Nicola Sturgeon outlines range of green space, landscape and environmental policies

Scotland's first minister has pledged to double annual investment in walking and cycling, expand green space, increase pollinator-friendly planting and increase woodland and community growing areas.

Caledonia Way is part of the National Cycle and Walking Network. Image: Sustrans
Caledonia Way is part of the National Cycle and Walking Network. Image: Sustrans

In A Nation with Ambition policy document, published yesterday, Nicola Sturgeon pledged to build an active nation "putting active travel at the heart of our transport planning", including doubling the annual spend to £80 million a year, from 2018-19 and appointing an Active Nation Commissioner.

She said the Scottish Government would build on work already done by the Central Scotland Green Network (CSGN), Europe’s largest greenspace project, to "improve the quality of people’s lives and help tackle inequalities" targeting public green space improvements in deprived areas.

The document pledges to:

  • Improve the quality of publicly owned green spaces for recreation and community use, for example, community growing.
  • Deliver 25 pollinator projects along the John Muir Way to create Scotland’s first pollinator-friendly urban corridor.
  • Support local authorities to increase pollinator planting on roadside verges, public green spaces and similar areas.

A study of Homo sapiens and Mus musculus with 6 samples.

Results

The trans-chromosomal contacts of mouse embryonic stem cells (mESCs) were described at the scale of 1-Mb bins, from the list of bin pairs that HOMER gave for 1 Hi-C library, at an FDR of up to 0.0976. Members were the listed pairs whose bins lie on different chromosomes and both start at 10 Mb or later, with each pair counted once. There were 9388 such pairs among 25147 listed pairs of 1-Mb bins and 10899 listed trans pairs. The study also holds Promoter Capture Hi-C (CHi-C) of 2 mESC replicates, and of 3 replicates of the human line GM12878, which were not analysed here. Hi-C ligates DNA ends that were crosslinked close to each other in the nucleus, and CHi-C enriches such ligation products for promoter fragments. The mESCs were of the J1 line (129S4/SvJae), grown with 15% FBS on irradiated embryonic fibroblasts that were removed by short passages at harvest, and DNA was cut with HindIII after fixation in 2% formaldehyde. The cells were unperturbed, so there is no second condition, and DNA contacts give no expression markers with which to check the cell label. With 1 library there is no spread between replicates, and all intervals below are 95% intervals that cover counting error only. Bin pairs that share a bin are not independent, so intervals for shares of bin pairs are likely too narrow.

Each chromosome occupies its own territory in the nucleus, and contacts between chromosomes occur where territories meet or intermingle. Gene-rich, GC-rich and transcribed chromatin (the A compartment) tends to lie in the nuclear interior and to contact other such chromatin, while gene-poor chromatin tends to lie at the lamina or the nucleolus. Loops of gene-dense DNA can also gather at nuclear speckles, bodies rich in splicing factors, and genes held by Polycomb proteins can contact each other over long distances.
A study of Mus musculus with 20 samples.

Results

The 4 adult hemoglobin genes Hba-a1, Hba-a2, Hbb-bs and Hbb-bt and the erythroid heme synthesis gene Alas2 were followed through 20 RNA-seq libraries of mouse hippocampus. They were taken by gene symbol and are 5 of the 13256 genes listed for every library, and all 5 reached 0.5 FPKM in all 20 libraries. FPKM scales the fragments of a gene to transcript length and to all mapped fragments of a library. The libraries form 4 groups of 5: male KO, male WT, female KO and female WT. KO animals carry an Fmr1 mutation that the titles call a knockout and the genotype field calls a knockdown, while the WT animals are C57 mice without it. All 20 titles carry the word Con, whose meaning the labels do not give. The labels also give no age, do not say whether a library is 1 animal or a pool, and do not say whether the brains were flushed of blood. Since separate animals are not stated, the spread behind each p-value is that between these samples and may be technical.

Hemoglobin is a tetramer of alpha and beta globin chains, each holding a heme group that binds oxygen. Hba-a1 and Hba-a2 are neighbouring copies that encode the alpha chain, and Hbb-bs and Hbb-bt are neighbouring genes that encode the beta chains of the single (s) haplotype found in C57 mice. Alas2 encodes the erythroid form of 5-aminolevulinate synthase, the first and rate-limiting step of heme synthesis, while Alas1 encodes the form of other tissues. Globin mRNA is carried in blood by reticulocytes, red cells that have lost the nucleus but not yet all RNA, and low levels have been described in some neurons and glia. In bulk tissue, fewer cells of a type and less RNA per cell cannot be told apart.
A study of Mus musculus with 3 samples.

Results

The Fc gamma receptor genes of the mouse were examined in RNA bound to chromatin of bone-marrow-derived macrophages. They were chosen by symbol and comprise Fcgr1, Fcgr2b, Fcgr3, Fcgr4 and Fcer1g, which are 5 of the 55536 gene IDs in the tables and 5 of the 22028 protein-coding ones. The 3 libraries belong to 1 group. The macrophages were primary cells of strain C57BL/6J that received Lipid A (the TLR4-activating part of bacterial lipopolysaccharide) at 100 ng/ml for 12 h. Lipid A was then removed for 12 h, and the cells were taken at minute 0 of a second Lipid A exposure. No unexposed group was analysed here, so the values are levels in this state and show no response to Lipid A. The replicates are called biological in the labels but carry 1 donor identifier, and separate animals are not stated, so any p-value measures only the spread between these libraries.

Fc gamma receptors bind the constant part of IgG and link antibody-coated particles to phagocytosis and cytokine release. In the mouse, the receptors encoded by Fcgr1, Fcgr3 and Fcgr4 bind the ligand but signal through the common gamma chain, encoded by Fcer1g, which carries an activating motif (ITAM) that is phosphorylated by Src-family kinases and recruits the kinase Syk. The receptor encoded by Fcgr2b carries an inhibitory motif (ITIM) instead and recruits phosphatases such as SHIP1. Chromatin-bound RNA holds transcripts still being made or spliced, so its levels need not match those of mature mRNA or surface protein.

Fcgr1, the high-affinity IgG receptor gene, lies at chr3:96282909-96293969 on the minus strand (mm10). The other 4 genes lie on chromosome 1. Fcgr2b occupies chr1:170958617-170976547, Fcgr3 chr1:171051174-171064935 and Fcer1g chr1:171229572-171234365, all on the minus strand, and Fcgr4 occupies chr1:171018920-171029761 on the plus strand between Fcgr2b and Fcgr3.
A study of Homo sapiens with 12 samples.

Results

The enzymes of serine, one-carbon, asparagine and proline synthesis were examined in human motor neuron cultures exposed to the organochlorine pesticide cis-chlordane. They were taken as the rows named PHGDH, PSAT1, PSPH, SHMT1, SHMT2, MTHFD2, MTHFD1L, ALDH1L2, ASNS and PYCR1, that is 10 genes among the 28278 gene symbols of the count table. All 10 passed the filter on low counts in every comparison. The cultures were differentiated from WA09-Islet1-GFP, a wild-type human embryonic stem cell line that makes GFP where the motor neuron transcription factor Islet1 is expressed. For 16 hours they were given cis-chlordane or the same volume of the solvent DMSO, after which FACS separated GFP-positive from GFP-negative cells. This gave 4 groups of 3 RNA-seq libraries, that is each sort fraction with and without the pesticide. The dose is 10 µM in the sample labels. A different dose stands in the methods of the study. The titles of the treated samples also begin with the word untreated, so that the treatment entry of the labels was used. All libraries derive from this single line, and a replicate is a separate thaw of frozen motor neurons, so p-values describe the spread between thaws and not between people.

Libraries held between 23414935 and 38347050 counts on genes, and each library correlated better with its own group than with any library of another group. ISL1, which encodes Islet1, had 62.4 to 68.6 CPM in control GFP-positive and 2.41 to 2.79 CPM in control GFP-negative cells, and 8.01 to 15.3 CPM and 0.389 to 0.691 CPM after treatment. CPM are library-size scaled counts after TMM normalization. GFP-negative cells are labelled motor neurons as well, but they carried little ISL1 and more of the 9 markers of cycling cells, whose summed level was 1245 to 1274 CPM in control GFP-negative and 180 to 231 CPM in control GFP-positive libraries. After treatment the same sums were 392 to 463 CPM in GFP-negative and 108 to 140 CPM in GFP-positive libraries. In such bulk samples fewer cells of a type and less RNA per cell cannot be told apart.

• Increase space available for community growing.
  • Introduce Low Emission Zones (LEZs) into Scotland’s four biggest cities between 2018 and 2020 and into all other Air Quality Management Areas by 2023.
  • "Work towards" delivering a long distance walking and cycling route to replicate the success of the North Coast 500 for motorised transport.
  • Continue investment for walkers, cyclists and equestrians on the A9 corridor, including 35 km of new cycle track to connect the A9 route with the wider National Cycle Network
  • Increase the budget for woodland creation by £4m in 2017-18 and work with timber users to develop, promote and facilitate the use of home-grown Scottish wood.
  • Support tree-planting partnerships, such as between community groups, public and private sector
  • Restore a further 500 hectares of ancient woodland on Scotland’s National Forest Estate.
  • Establish 650 hectares of new woodland as part of the New Woodland Investment Programme.
  • Evaluate current practice around reinstatement of trees removed during development of infrastructure.
  • Develop a long-term action plan to identify and exploit market opportunities with the Forest and Timber Technologies Industry Leadership Group.

The document follows research by Sustrans and Scottish Natural Heritage which found that nearly 80% of users say they do more physical activity as a result of The National Walking and Cycling Network in Scotland. Some 52% said the network allowed them to actively travel on foot or by bike rather than taking the car.

An estimated 8.7 million walking and cycling trips were taken on the network in 2016, but researchers believe that this could be a conservative estimate of usage. 87% of the walking trips and 67% of the cycling trips were taken for recreational purposes, generating an estimated £85m expenditure in the local economy.